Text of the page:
Last Updated: Wed Aug 17, 2011 10:23 am (KSA) 07:23 am (GMT)

Dina Al-Shibeeb: Poor parenting in the spotlight post London riots

With a cup of English tea and homemade Middle Eastern honey-glazed Baklava, I settle in to be entertained by Britain’s local TV channels.

Aside from the hilarious antics of the British stand-up comedian Omid Djalili, the channels are rife with heated debate and political talk.

Britons are now debating the feasibility of a proposed punitive measure against those that participated in the recent four-day riots, looting shops and setting fire to businesses and homes. The measure entails evicting rioters from government-subsidized homes.

In the wake of riots, commentators have blamed lax parenting as the indirect reason behind teenage hooliganism. I remember reading a story during the height of the riots in the widely-circulated free daily newspaper “The Metro,” in which a mother thought her twins were at the gym pumping iron when they were, in fact, on a looting spree.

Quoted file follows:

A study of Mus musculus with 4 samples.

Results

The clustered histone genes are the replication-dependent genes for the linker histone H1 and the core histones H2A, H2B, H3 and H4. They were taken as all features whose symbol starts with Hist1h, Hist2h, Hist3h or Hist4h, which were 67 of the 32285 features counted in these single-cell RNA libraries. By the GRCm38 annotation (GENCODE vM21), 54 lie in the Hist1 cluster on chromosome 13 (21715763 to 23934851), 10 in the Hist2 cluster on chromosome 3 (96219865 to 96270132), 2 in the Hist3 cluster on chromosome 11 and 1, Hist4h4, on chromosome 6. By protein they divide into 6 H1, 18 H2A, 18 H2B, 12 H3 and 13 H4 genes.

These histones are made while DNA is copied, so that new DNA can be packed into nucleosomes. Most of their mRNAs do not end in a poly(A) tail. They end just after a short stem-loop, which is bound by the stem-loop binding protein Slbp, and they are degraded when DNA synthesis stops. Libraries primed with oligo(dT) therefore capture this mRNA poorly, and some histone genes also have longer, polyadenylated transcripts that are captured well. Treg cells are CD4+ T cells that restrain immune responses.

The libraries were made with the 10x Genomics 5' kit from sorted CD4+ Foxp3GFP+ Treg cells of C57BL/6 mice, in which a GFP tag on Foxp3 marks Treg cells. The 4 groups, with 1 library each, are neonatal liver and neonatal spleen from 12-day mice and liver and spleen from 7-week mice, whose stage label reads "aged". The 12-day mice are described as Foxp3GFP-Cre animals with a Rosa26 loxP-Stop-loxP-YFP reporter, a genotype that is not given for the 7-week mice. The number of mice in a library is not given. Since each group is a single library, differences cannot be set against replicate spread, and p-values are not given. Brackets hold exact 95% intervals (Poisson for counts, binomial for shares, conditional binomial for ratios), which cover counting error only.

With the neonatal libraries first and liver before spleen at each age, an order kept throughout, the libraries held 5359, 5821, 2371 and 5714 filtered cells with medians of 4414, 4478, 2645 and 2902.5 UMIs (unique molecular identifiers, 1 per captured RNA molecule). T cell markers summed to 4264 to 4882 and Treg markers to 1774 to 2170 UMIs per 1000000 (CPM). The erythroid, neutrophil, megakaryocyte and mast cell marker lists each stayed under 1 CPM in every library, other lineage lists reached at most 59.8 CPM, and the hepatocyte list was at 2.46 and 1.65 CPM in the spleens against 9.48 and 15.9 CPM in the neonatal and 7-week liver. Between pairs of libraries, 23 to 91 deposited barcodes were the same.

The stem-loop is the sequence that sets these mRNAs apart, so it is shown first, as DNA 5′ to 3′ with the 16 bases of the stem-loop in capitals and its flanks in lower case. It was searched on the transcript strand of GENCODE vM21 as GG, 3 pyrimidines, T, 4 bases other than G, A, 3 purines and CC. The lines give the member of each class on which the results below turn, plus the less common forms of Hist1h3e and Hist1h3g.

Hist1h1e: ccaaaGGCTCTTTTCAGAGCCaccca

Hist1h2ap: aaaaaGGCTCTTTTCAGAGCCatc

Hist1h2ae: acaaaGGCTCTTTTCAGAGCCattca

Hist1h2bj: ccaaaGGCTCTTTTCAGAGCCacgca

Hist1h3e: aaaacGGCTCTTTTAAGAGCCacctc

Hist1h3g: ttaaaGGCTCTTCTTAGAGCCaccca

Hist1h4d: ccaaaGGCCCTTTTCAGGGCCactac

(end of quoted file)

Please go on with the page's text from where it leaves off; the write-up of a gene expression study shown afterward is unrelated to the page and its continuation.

I can’t help but wonder whether the UK government will evict the sick and the aging grandmothers/grandfathers, or are the families just assumed to be plainly broken?

During the debates, in which many social indicators were discussed, I was surprised to learn that the UK has one of the highest rates of teenage pregnancies in Europe despite teenage girls having access to condoms without parental consent.

What kind of parenting can a 14-year-old mother give to her own child?
Clear double standards have been put into perspective too.

People are talking about shorter jail terms for bankers and MPs caught in fraud versus longer sentences of young rioters caught stealing trainers...
Another hot topic is not criminalizing or convicting police officers and how crimes in the forgotten ‘lower-classes’ neighborhoods has not really being investigated.

There are a host of different issues behind the riots.
It’s important to differentiate between the person who looted chocolate bars, water bottles, and might have joined the crowd for ‘fun’, and another who ran over people.

At the end, the youth needed incentives, opportunities, and role models (family or government) in addition to a moral backbone to steer clear of rioting. Clearly, parents, the government and the police – who were unable to curtail the extent of the mayhem -- have all been held responsible.